On the day of Jacob’s birthday I felt extreme sadness. I really wanted his birthday to be all about him, but I was overcome by a feeling of breathlessness, fear and excruciating emotional pain. I was remembering hour by hour what I was doing the moments before I flat-lined. I explained to Jonathan why I couldn’t sleep the night before and why I was a little hesitant to be social that day. He understood, but didn’t fully comprehend the level of anxiety that was crippling me in that moment. He said “Honey, this happened 2 years ago.” I said “I know sweetheart, but I don’t think the cells of my body think it happened 2 years ago.” I wasn’t even consciously thinking about that day as the anniversary of when I died. I was trying to focus 0n that is was Jacob’s big day. Obviously unsuccessfully. But I’m guessing this was some residual affect from the trauma. I most certainly felt guilt about it. How selfish was I?!
It was a reminder that I am not 100% healed. Not even close. Even a special delivery of the advanced copies of the book didn’t take care of the guilt. In fact a new version of guilt overtook the one I was feeling for thinking of my own pain on this special day. You see, there is a chapter in the book where I discuss my recovery and how I felt towards Jacob. I can’t even write it down here now because it is so painful to read, let alone rewrite it. One confrontation of those old feelings was enough to last a lifetime. It was how I felt then, most certainly not how I feel today. But nevertheless, still feeling guilty at even having those momentary thoughts in the book, fleeting as they were.
Call it a sign, meant to be, coincidence (in which I don’t believe) or kizmut (Yiddish term for “meant to be”) at Jacob’s birthday, I was given a present that helped alleviate some of that pain and guilt, by the birthday coordinator, Steve.
Steve said “I really support everything that it is that you are doing.” It caught me off guard. “What do you mean?” I said. He continued, “Well, my mom almost lost her life when she gave birth to me. I was her second child and she could no longer have any more children. I am healthy and she is alive. So yes, the work that you are doing, people need to know about it and I support it 100%.” It was definitely not a coincidence. Here it was, there was a 20-something, beautiful young man with brown eyes standing in front of me. He was my future. He looked a little like Jacob. And what he said to me was exactly what I needed to hear. “I am in awe of my mother. She is strong, determined. A survivor. I am so proud of her and what she has done.” It took the edge of the guilt off. And I stood up a little prouder. A little taller. And ready to open up to exactly what the Universe has in store for us.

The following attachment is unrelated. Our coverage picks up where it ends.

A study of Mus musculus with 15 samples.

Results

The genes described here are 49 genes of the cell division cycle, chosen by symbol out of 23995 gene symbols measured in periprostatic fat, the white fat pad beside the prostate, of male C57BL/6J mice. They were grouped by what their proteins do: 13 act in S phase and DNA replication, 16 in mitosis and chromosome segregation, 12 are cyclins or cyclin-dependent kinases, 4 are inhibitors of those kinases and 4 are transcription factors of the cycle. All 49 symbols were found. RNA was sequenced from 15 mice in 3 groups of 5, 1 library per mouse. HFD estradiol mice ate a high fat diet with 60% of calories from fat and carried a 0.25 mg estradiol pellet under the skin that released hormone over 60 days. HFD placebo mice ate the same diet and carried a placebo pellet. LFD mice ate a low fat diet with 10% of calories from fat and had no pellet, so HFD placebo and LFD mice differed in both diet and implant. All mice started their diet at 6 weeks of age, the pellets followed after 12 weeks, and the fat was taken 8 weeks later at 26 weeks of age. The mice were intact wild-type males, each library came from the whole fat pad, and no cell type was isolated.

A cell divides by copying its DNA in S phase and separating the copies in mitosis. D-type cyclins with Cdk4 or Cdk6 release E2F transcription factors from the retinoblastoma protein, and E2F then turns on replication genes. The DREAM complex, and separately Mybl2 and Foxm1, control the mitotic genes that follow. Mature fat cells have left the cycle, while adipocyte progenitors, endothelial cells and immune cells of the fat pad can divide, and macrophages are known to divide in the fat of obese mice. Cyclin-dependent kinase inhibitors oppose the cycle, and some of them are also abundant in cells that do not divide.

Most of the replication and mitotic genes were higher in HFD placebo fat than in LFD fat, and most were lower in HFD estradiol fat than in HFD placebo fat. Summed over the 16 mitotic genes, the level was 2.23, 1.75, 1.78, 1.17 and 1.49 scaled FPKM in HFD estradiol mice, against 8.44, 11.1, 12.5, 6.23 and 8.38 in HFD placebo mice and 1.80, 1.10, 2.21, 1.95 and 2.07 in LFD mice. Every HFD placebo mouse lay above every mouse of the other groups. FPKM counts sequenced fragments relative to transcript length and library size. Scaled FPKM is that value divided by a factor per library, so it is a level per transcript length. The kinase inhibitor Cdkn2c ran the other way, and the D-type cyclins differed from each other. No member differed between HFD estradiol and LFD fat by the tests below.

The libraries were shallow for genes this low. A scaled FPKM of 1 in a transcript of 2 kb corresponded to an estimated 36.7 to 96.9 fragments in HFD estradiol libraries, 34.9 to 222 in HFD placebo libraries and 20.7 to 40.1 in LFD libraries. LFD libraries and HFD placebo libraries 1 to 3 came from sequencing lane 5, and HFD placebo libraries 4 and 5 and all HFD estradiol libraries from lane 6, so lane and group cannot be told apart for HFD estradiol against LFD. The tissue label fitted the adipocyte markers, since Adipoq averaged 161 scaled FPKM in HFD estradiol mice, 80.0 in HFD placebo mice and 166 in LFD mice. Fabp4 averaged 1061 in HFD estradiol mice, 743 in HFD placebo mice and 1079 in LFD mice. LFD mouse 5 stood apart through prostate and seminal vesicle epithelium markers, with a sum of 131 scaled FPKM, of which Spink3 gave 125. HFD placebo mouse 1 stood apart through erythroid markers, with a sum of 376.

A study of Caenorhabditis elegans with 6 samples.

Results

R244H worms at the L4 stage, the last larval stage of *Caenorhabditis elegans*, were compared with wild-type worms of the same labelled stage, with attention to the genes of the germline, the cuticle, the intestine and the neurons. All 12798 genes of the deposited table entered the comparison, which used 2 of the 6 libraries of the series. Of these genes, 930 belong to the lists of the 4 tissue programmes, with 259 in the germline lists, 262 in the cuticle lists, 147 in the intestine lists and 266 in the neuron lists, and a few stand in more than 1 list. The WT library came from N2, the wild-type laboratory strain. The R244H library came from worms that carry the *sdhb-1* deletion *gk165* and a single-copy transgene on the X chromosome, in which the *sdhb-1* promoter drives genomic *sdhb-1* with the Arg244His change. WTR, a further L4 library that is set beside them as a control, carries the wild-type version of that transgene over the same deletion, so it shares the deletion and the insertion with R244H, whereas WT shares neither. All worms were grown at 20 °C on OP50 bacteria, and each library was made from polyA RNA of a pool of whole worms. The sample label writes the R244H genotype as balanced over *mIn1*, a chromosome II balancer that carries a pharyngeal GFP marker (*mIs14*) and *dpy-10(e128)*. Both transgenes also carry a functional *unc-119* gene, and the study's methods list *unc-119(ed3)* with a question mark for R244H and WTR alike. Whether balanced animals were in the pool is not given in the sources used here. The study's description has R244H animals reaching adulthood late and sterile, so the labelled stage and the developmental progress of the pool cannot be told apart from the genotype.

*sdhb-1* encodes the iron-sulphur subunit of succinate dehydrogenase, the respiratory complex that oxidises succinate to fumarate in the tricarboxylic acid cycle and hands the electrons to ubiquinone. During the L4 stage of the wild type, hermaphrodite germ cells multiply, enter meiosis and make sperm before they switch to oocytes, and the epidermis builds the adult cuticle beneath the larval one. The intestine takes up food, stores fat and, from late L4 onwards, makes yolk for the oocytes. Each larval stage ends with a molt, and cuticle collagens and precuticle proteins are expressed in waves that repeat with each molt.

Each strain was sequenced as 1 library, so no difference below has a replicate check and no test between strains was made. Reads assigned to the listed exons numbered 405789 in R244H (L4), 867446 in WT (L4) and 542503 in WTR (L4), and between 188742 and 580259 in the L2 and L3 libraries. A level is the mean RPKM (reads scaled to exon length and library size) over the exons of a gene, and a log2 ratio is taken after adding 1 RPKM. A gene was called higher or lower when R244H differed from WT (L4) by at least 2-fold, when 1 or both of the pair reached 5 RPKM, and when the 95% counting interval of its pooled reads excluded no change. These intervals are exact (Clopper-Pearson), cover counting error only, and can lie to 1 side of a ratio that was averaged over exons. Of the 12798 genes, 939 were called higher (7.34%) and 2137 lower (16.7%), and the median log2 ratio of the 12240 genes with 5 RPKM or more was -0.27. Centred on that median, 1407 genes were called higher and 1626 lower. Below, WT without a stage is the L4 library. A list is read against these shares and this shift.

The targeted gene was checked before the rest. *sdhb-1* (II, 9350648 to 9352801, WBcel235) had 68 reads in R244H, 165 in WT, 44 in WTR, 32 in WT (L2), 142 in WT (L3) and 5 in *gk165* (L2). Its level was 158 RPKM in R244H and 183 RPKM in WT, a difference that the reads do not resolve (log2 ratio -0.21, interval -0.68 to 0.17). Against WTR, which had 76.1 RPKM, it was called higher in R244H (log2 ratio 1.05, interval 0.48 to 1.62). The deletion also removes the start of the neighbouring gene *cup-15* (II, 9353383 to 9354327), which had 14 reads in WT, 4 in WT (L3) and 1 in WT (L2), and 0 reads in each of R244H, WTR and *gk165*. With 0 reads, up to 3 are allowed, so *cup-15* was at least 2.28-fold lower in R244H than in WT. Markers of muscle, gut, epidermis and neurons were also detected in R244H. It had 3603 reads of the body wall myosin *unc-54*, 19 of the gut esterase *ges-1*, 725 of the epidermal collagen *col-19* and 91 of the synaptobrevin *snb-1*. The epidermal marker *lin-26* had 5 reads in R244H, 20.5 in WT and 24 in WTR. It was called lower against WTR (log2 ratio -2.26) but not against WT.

I can’t say that next year will be easier, but this year was easier than last year, so here’s hoping it will be less painful. And each year that goes by, Jacob’s birthday will be all about Jacob. Hoping my catastrophe will be an incident we will all look back upon and say we are proud to call you mom. Adina is constantly drawing pictures and handing them to me, almost daily and saying “this is so your boo boo feels better.” I assure her that the pain is not what it used to be and you can see she is happy that things are getting back to normal. And Valentina constantly says she is proud of me and at 9 years old can articulate why. “Because you fought. Because you survived. And because you turned something so bad into something that might be able to help a family. I don’t know what I would do without you.” All of it, including the family I have, is something to be proud of.
So when Jacob reads the book, maybe 11 years from now, my prayer is that he will be able to see through the pain and the fear and realize I would give my life up for him & my family. I love him with everything I have. He is my little man and he is my favorite little boy in the whole wide world. Steve made me understand that he inherently knows that. That he will always know that. And what I am doing on this next phase of my life will be something he admires and respects. At least that is my hope.